Commercial leases generally contain ‘make good’ provisions requiring tenants to ensure that the premises are left in a certain condition at the end of the lease.  Problems can arise when these provisions lack clarity as to the scope of the make good obligations.  Make good disputes can be prolonged, costly and cause irreparable damage to relationships between landlords and tenants.  This article provides landlords and tenants with tools to navigate this contentious issue.

Tip 1: Benchmark the condition of the premises before the tenant takes possession

Although there are no statutory obligations in Victoria requiring landlords to undertake a condition/inspection report of commercial premises, it is highly recommended that landlords and tenants protect themselves against unnecessary future disputes by doing so before the execution of a new lease.  A condition report including photographic evidence of the premises will provide a point of comparison when tenants remove their fit-out.  This could circumvent disputes regarding any alleged verbal representations regarding the premises’ condition.  While undertaking a full report can seem costly at the outset, it will be well worth the expense if a prolonged make good dispute, which can hinder a landlord’s ability to re-let the premises to a future incoming tenant, is avoided.

Tip 2: Tailor the make good provisions to the specific circumstances

Problems can arise when leases adopt boilerplate make good provisions, requiring the tenant to reinstate the premises to its original condition, regardless of any subsequent improvements to the premises.  The make good provisions in each lease should be carefully negotiated and drafted to take into consideration the parties’ individual needs and commercial objectives.  Consider the following case studies:

  • A landlord of a suburban retail shopping strip enters a short-term retail lease with a tenant operating a fish and chip shop. The parties agree that the tenant will alter the premises by installing professional cooking equipment.  The landlord’s intentions at the lease expiry are to secure a long-term lease with an anchor tenant, perhaps a major pharmacy or post office to increase foot traffic to the shopping strip.  In this instance, the make good provisions should be drafted to require the fish and chip shop tenant to return the premises to a bare shell – it is unlikely that a pharmacy will benefit from professional cooking equipment.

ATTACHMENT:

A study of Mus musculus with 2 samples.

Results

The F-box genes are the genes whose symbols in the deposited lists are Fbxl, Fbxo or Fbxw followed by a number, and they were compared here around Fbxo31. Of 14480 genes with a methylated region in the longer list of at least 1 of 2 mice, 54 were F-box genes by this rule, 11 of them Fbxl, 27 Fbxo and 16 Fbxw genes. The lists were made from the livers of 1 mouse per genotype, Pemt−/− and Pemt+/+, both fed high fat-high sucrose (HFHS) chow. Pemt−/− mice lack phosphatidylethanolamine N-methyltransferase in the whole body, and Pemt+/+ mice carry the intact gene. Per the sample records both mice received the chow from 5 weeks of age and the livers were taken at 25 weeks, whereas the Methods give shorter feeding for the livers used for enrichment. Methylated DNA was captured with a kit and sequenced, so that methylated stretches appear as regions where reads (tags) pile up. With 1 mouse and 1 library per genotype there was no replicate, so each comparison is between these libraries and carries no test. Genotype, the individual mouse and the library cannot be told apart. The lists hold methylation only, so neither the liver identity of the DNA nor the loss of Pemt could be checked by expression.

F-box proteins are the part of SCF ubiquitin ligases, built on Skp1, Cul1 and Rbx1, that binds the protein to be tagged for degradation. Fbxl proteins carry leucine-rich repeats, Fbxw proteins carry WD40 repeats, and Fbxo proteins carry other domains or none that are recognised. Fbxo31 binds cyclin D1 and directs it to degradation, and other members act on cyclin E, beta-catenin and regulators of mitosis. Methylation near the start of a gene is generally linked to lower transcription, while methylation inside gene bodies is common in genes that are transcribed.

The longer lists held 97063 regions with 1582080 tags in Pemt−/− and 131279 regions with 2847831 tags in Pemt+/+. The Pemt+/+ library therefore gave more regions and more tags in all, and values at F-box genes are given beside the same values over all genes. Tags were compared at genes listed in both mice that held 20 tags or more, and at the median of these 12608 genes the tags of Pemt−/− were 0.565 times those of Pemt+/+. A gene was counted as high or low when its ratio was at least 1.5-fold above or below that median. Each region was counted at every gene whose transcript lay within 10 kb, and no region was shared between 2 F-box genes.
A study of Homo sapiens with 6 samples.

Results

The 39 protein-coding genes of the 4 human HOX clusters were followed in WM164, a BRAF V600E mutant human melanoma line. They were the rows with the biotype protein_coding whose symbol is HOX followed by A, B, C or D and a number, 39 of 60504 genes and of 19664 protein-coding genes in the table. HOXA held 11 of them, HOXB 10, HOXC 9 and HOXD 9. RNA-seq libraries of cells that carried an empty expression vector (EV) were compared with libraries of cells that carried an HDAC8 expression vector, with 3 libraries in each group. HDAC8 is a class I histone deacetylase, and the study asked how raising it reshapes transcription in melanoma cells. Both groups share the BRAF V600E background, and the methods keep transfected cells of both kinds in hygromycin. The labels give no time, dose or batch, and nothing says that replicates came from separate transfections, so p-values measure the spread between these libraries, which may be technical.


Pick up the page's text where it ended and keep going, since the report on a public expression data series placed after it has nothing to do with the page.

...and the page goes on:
• A tenant operating a shoe shop enters a long-term retail lease in a shopping centre for premises containing an existing fit-out including countertops and display shelving, which would be attractive to a wide range of potential retail tenants. Over the term of the lease, the existing fit-out sustains damage over and above wear-and-tear: the countertops are damaged beyond repair, and the display shelving has become detached from the wall.  In this instance, the landlord would benefit from make good provisions requiring the tenant to return the premises to its original condition, by replacing the countertops and display shelving.
  • A landlord of a small office building has entered a commercial lease with a corporate tenant who operates a prestigious accounting firm from the premises. With the landlord’s approval, this tenant has added significant value to the premises by removing old inter-tenancy walls and installing a generic open-plan fit-out with improvements such as the installation of toilets and a secure data room.  This fit-out may be attractive to a broad range of future tenants, especially with the rise of tenants operating shared workspaces.  The commercial reality for the landlord is that it may be preferable for the tenant’s make good obligations to be limited to simply returning the premises in a safe and tidy condition.

Tip 3: Discuss the specific make good requirements well before the lease expiry

It is highly recommended that landlords and tenants engage in collaborative discussions regarding the timing and execution of the make good works well before the lease expiry.  Tenants would be wise to discuss any minor scratches on walls or lightly scuffed carpeting, as these may well be considered fair wear and tear, and therefore excused from make good works.  Open discussions can identify any areas of concern and facilitate the speedy resolution of any disagreements. The aim here is to avoid unnaturally extending the lease term which may hinder a landlord’s ability to provide a new tenant with vacant possession and the tenant’s entitlement to the return of the security deposit.

In summary, landlords and tenants can reduce the likelihood of a future make good dispute by ensuring that their lease documentation unambiguously defines the tenant’s obligations, using tailored drafting and supporting evidence of the premises’ condition at the commencement of a lease.  These sound foundations can be further supported by collaborative discussions during the term of the lease to iron out any specific issues well before the parties incur any unnecessary costs. 

Landlords and tenants are encouraged to seek advice from the expert team of leasing lawyers at MST Lawyers in the drafting and review of all commercial leases. For more information please contact our Property & Leasing team by email or by telephone +61 3 8540 0200.